You can tell a lot about a people by their flea markets.
There are three types of flea markets in Paris. That already tells you something about Parisians.
- Porte de Clignancourt, officially called Les Puces de Saint-Ouen, but known to everyone as Les Puces (The Fleas). It’s the most famous flea market in Paris and is open year round. It is said to be the biggest in the world, but if you’ve been to the Rose Bowl flea market in Pasadena, California, you know the Parisians are being overly generous. It’s a permanent labyrinth of shops selling chandeliers and those ornate chairs that look cool but are seriously uncomfortable.
- Rose Bowl-type flea markets, which appear on a certain weekend every month in the same place. I went to one once and was immediately creeped out by the dolls. It’s their eyes. They followed me everywhere.
- The brocante, which is the flea market that shows up every once in blue moon in your hood. Trucks arrive in the wee hours of the morning to set up their wares for the passersby. I prefer the brocante to the usual flea market because it’s more ramshackle and vendors are more apt to offload their bric-a-brac so they don’t have to haul it to the next brocante a few weeks from later.
My friends refuse to go with me. All they see is junk.
I see anthropology. Not Anthropologie, the uber cool chain store. I see a slice of French life. The French love nicknacks to set on the mantel. They love furs, ashtrays and postcards. The stuff they love would never make it at the Rose Bowl in California where you’ll find pristine Pyrex, surfboards and sundresses.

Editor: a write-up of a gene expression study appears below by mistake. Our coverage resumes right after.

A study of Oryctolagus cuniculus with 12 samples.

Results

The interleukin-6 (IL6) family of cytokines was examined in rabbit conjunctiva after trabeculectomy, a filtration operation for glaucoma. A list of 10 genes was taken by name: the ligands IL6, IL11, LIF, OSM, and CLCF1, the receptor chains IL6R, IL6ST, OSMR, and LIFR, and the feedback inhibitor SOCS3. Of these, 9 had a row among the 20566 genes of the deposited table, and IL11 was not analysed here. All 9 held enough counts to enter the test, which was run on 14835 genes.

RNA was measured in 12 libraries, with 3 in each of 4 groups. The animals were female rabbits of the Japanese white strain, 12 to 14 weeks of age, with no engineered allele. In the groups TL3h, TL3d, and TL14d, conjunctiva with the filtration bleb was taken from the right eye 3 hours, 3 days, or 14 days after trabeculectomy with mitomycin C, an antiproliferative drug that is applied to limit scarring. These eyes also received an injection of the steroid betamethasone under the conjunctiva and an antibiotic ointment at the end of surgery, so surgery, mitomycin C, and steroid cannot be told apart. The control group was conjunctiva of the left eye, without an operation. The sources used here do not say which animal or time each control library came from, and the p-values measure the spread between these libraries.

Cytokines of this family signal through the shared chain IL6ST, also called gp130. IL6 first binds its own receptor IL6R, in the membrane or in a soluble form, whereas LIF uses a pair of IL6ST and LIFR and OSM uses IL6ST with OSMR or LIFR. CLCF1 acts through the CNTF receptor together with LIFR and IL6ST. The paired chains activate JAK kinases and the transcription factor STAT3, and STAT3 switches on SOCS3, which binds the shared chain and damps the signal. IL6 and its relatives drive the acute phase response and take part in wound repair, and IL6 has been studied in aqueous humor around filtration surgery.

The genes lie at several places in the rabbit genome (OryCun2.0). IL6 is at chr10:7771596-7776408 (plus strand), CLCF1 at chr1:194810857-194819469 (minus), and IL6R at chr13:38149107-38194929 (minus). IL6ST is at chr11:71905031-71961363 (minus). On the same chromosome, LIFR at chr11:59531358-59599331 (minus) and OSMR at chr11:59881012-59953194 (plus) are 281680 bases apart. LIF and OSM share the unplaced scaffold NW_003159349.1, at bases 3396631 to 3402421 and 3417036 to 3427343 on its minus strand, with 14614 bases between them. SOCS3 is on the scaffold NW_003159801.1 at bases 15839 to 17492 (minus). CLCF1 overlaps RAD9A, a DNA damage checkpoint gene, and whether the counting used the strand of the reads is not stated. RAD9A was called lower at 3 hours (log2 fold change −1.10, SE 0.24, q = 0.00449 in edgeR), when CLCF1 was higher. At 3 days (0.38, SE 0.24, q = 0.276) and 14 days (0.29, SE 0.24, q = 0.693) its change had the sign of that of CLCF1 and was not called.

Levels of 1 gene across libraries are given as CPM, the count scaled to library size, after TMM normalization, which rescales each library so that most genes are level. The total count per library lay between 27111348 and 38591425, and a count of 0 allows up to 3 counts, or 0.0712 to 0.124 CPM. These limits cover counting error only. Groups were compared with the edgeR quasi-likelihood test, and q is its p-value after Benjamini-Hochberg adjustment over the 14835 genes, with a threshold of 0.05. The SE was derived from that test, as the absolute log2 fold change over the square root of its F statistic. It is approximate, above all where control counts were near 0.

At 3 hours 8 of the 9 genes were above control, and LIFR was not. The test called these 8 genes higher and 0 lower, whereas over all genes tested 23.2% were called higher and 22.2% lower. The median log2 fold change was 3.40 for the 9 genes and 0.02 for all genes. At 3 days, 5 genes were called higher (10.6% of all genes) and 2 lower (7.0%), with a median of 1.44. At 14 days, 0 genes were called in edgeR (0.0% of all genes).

See what I’m saying?
Though I stroked the furs and feathers, I had my eye on fun flat paper things to send in my Paris Letters. In my search I came across yet another postcard to Cecile Martinazo. Last February, I bought a random handful of postcards to send with my Paris Letters. Most of them happened to be addressed to Cecile. And today, I found more.
Cecile must have kept everything.
I wonder if Cecile was a hoarder. (Not unlike many vendors at the brocante.) Or she just liked fun mail. Or she was like Paris Hilton and everyone wanted to get her attention somehow so they sent her postcards.
Oh Cecile, how I wish I knew more about you.
I do know she kept every postcard from a certain someone. I know this because the handwriting is the same. A lover? A brother? Whose to say. I Googled her. Didn’t find a thing. Imagine, someone living in the early 1900s not having a web identity. Well, she’s got one now! Google her these days and you’ll end up right here at this page.
You’re welcome Cecile Martinazo.
Most of what makes flea markets great is taking stealth photos of the weird and pretty objects of yesteryear. I also love hanging around the Asian crafts table. Usually, the vendor has went to the East, fallen in love with Buddha statues and purchased a slew of them, thinking they could make mucho moolah at a Paris flea market.
But what works in one place, doesn’t work in another.
And Buddha statues get passed over for fur stoles. So I stop by the Asian stall to oogle, ooh and ahh to make the vendors feel better about their disastrous decisions.
Here is my latest collection of the flea market’s weird, pretty and typical.